The Best Way to “Go Green” According to Science
By Alex Erlenbach
I have been interested in the environmental movement since 7th grade, when my siblings came home for Thanksgiving during their freshman year of college to tell the family about Global Warming. I was fascinated and alarmed. That conversation eventually led me to push my high school to adopt a more comprehensive recycling program, winning me the “Keep Brevard Beautiful Youth Recycling Award” and to create an anaerobic bioreactor in college, turning food waste into energy.
After graduation, I started working for Broward County as an Environmental Engineer. I am the government red tape making sure solid waste facilities are adhering to the regulations instead of dumping all their trash into the rivers. When not at work, I travel to schools teaching students about environmentalism and climate change. This article is a shortened version of that presentation, without all of the fun diagrams and cool PowerPoint slide transitions.
The science is clear. Greenhouse gasses (Carbon Dioxide, Methane, Nitrous Oxide, etc) are being pumped into the atmosphere through the burning of fossil fuels (coal, natural gas, & oil). These greenhouse gas emissions are increasing the level of carbon dioxide in the air, which is normally regulated through soil, vegetation, and the ocean via the carbon cycle. At the time of this writing, we have reached 413 parts per million (ppm). Before the industrial revolution, it was around 260 ppm. The planet has not experienced this level of carbon dioxide for millions of years.
But we all knew that already. We’re here for solutions! A large amount of what we’re taught to believe is “eco-friendly” does practically nothing except making us feel good and, in some instances, is actually counter-productive. Remember CFL’s? Full of toxic mercury. Bringing reusable bags to the store? You’d have to use them hundreds of times to break even. Recycling? Oh don’t get me started.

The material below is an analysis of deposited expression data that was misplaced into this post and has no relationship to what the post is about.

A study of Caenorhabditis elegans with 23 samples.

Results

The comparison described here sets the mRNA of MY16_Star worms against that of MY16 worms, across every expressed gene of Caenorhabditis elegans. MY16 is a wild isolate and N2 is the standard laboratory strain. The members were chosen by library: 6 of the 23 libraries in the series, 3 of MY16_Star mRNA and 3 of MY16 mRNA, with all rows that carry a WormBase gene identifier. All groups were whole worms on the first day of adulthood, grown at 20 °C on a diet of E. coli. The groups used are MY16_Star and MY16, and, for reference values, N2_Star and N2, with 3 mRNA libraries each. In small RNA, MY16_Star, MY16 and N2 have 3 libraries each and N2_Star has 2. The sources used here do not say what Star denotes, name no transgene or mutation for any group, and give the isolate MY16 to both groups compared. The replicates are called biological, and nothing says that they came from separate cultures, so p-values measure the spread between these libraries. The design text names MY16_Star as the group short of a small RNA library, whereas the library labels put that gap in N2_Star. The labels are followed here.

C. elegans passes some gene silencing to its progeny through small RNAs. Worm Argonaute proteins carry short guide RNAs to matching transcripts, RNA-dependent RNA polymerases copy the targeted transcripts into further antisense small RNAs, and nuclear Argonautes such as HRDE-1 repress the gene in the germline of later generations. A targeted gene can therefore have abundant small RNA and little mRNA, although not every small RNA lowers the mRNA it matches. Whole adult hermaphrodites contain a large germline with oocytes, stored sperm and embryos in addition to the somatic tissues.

There are two driving philosophies in the environmental movement: One asserts that if we all do our part as individuals to make the changes we need, those individual efforts add up to make a difference. The other philosophy calls for systematic change and asserts that the first philosophy was concocted by those in power who are actually causing the impending climate catastrophe in order to shift blame from themselves to the people. This article includes suggestions from both camps.
And counting down from least to most effective…
5: Invest in renewable energy for your home. Many local, state, & federal programs exist to make going solar more economically feasible. If that’s not possible for you, many power companies allow you to buy “green energy” credits that help them invest in more sustainable energy sources.
4: Go vegan! And if you can’t do that, go vegetarian! And if you can’t do that, cut back on beef! Beef has the largest carbon footprint of any food we consume. But no matter what you eat, don’t waste it. Food waste is a huge contributor to our carbon footprint and easily preventable.
3: Avoid flying and driving whenever possible. Bike, walk, take mass transit, and carpool as much as you can. Invest in a quality commuter bike or electric scooter. For work meetings, telepresence and high-speed rail are your best sustainable alternatives. Need a car? Look into electric vehicles. The infrastructure in major cities and along highways makes “charge anxiety” a thing of the past.